Two Australian journalists have fled China and arrived back home after a “whirlwind” week of police scrutiny and diplomatic negotiations led to them banned from leaving the country and hauled in for questioning.
Press freedom advocates slammed the “gravely concerning” situation in China, warning of a fast-deteriorating environment for free speech and reporting on the budding superpower.
There is now no China-based correspondent for an Australian media outlet, with nearly 20 foreign journalists forced to leave the country in 2020 alone.
“What we are witnessing is the greatest deterioration in China’s media controls in decades and that will leave a vacuum of credible reporting at a critical time,” an International Federation of Journalists spokeswoman told The New Daily.
It's nice to be home but deeply disappointing to leave China under such abrupt circumstances. It's been a big part of my life & the past week was surreal. A very big thank you to the ABC, friends, colleagues & those involved at DFAT. Plus @MikeSmithAFR for sharing the ride out. pic.twitter.com/zkJEV4Oa27
— Bill Birtles (@billbirtles) September 8, 2020
Bill Birtles, the ABC’s correspondent in Beijing, and Michael Smith, an Australian Financial Review reporter based in Shanghai, both flew into Sydney on Tuesday morning after fleeing China following unexpected police attention.
The ABC said both journalists had been told by Australia’s Department of Foreign Affairs and Trade that they should consider leaving China, amid what the ABC called “threatening behaviour from Chinese officials”.
It comes just days after Australian reporter Cheng Lei, an anchor for Chinese state media CGTN, was detained, and two months after DFAT issued new travel advisories for China, warning of “arbitrary detention” of foreigners, based on authorities claiming “they’re ‘endangering national security’.”
Birtles had been booked to fly back to Australia last Thursday, but police arrived at his Beijing home late on Wednesday to tell him he had been placed on a travel ban and would need to report for questioning the next morning.
The surprise police visit sparked a flurry of diplomatic activity between Australian and Chinese officials. Birtles contacted the Australian embassy for help, and was whisked to safety inside the diplomatic compound for days, as Chinese officials demanded he submit to an interview.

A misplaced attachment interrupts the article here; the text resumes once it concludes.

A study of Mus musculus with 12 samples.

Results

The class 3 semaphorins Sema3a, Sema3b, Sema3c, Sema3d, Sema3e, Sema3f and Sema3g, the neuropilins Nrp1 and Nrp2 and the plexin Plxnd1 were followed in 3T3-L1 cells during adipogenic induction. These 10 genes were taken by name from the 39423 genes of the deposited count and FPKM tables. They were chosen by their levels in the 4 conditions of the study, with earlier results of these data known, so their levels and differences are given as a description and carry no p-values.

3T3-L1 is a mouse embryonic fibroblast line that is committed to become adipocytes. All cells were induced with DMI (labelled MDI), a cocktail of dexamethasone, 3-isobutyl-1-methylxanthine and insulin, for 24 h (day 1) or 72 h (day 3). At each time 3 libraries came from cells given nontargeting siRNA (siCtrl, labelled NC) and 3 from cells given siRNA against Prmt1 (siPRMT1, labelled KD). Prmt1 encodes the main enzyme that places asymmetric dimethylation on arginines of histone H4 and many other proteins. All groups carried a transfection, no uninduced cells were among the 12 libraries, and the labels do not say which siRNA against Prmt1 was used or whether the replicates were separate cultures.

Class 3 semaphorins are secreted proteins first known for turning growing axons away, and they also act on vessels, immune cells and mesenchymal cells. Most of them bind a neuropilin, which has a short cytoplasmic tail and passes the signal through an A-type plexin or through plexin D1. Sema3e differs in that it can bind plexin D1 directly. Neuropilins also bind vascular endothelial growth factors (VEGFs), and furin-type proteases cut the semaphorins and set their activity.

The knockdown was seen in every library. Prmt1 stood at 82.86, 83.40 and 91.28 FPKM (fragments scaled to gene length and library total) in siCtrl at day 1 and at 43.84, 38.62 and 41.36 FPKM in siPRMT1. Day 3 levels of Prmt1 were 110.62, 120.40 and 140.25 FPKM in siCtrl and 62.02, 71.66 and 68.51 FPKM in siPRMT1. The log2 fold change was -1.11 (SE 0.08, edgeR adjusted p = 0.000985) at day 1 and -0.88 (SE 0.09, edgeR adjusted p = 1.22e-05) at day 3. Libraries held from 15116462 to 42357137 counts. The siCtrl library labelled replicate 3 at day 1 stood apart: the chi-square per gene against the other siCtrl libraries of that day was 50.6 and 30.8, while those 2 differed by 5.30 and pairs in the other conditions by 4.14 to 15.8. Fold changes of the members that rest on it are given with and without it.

On Sunday, accompanied by the Australian ambassador, Birtles gave an interview on the condition his travel ban be lifted. As this episode was occurring, a similar situation faced Smith in Shanghai, as he took refuge in the Australian consulate there and also faced questioning.
The two journalists were eventually allowed to leave China, arriving back in Sydney on Tuesday.
“It’s very disappointing to have to leave under those circumstances, and it’s a relief to be back in a country with a genuine rule of law,” Birtles said on his arrival.
“This was a whirlwind, and it’s not a particularly good experience. It’s just good to be home.”
Foreign Minister Marise Payne issued a short statement, confirming that “our embassy in Beijing and consulate-general in Shanghai engaged with Chinese government authorities to ensure their wellbeing and return to Australia.”
“The Australian government continues to provide consular support to Australian citizens detained in China, including Ms Cheng Lei. We are unable to provide further comment owing to privacy obligations.
"It’s a relief to be back in a country with a genuine rule of law," ABC China correspondent @billbirtles said as he arrived in Sydney alongside @MikeSmithAFRhttps://t.co/5bAzO16j4j #auspol pic.twitter.com/MarGeS2d11
— ABC Politics (@politicsabc) September 8, 2020
The diplomatic high-wire act, carried out in secret in recent days, was praised when finally revealed on Tuesday – but many slammed China’s pressuring of foreign journalists.
AFR editor-in-chief Michael Stutchbury and editor Paul Bailey said the incident was “regrettable and disturbing and is not in the interests of a co-operative relationship between Australia and China”.
Labor’s shadow foreign affairs spokeswoman Penny Wong said China must respect freedom of press.
“Journalists should be able to do their work safely without the risk of intimidation or arbitrary detention,” she said.
Australia’s Media, Entertainment and Arts Alliance – the union representing journalists – said it was outraged at the news.
“China’s continued intimidation and harassment of foreign journalists, including Australians, represents a dramatic low point for the foreign media’s relations with China in almost 50 years,” federal president Marcus Strom said.
The International Federation of Journalists said media in China faced “continued intimidation and harassment”, which had escalated in recent months, with at least 17 reporters expelled from the country or having their visas revoked in just the first half of 2020.
“It presents a gravely concerning picture of authorities who desire total control of the information going out of China to the world,” an IFJ spokeswoman said.
Dr Kevin Carrico, a senior lecturer in Chinese studies at Monash University, said the episode was a shocking escalation of long-term harassment of journalists by the Chinese government.
“It’s a reflection of the extremely dangerous and unpredictable situation we see in China at the moment,” he told TND.
“It’s disturbing because nobody really knows what’s coming next.”